Meta unveils its first custom AI chip

The circuits come with software optimized to run PyTorch, and emphasize the task of making recommendations.
Written by Tiernan Ray, Senior Contributing Writer
Meta' chip

Meta on Thursday unveiled its first chip, the MTIA, which it said was optimized to run recommendation engines, and benefits from close participation with the company's PyTorch developers.


Meta, owner of Facebook, WhatsApp and Instagram, on Thursday unveiled its first custom-designed computer chip tailored especially for processing artificial intelligence programs, called the Meta Training and Inference Accelerator, or "MTIA."

The chip, consisting of a mesh of blocks of circuits that operate in parallel, runs software that optimizes programs using Meta's PyTorch open-source developer framework. 


The chip is version one of what Meta refers to as a family of chips, and said it was begun in 2020. No detail was offered as to when future models of the chip will arrive. 

Meta follows other giant tech companies that have developed their own chips for AI in addition to using the standard GPU chips from Nvidia that have come to dominate the field. Microsoft, Google and Amazon have all unveiled multiple custom chips over the past several years to handle different aspects of AI programs.


In addition to the MTIA chip, the company discussed a "next-gen data center" it is building that "will be an AI-optimized design, supporting liquid-cooled AI hardware and a high-performance AI network connecting thousands of AI chips for data center-scale AI training clusters."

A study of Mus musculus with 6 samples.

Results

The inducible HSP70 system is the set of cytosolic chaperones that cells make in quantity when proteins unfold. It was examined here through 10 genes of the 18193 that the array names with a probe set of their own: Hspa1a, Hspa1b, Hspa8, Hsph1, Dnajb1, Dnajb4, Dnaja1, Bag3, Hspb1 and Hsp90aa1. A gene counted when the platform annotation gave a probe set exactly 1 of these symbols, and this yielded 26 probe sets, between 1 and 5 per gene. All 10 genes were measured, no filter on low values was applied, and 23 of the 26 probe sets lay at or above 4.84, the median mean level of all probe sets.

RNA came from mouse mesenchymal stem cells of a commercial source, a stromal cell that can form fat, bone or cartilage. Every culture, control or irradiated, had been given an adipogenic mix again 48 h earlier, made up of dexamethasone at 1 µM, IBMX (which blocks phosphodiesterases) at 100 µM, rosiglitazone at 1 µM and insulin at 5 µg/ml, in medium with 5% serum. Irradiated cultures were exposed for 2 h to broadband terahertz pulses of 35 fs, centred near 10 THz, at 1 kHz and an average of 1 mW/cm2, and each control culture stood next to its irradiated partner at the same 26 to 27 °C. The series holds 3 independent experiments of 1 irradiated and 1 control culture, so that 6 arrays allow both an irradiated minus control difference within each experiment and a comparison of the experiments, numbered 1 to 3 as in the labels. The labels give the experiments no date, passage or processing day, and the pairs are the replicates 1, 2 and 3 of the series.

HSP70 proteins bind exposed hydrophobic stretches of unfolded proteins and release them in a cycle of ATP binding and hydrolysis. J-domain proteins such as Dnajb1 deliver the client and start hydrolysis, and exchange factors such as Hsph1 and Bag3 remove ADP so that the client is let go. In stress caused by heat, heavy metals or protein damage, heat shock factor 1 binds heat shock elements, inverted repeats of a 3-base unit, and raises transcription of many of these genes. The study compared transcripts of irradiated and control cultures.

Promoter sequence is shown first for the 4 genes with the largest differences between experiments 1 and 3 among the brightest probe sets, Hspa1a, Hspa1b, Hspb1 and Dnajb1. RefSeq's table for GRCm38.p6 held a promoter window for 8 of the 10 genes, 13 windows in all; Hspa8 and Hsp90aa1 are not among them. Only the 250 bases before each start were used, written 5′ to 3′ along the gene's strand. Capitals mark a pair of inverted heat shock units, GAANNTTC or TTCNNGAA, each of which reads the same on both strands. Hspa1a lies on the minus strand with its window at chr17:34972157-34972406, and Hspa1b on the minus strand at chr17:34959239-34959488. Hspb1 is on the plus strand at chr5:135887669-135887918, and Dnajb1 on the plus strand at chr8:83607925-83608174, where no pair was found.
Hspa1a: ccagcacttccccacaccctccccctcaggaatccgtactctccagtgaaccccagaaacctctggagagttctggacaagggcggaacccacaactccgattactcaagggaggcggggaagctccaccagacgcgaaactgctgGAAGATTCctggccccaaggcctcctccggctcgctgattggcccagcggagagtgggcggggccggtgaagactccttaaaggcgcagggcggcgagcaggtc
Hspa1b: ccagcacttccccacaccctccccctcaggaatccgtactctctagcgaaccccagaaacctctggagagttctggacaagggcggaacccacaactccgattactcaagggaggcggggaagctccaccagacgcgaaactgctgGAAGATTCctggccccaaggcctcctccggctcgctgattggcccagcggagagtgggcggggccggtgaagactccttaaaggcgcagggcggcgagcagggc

Meta chip graphic

Rather than rely on Nvidia GPUs, or CPUs from Intel, Meta said, "with an eye on future AI-related use cases, we believe that dedicated hardware is the best solution in terms of compute power and efficiency" for video. The company noted that people spend half their time on Facebook watching video, with over four billion video views per day.


The MTIA has aspects similar to chips from the startups. At the heart of the chip, a mesh of sixty-four so-called processor elements, arranged in a grid of eight by eight, echoes many designs for AI chips that adopt what is called a "systolic array," where data can move through the elements at peak speed. 

Meta chip graphic
Meta chip graphic

The MTIA chip is somewhat unusual in being constructed to handle both of the two main phases of artificial intelligence programs, training and inference. Training is the stage when the neural network of an AI program is first refined until it performs as expected. Inference is the actual use of the neural network to make predictions in response to user requests. Usually, the two stages have very different requirements in terms of computer processing and are handled by distinct chip designs. 


Model performance graphic

Meta's presentation by its engineers Thursday emphasized how MTIA benefits from hardware-software "co-design," where the hardware engineers exchange ideas in a constant dialogue with the company's PyTorch developers. 

In addition to writing code to run on the chip in PyTorch or C++, developers can write in a dedicated language developed for the chip called KNYFE. The KNYFE language "takes a short, high-level description of an ML operator as input and generates optimized, low-level C++ kernel code that is the implementation of this operator for MTIA," Meta said.


More details on the MTIA are provided in a blog post by Meta.  

Meta's engineers will present a paper on the chip at the International Symposium on Computer Architecture conference in Orlando, Florida, in June, titled, "MTIA: First Generation Silicon Targeting Meta's Recommendation System."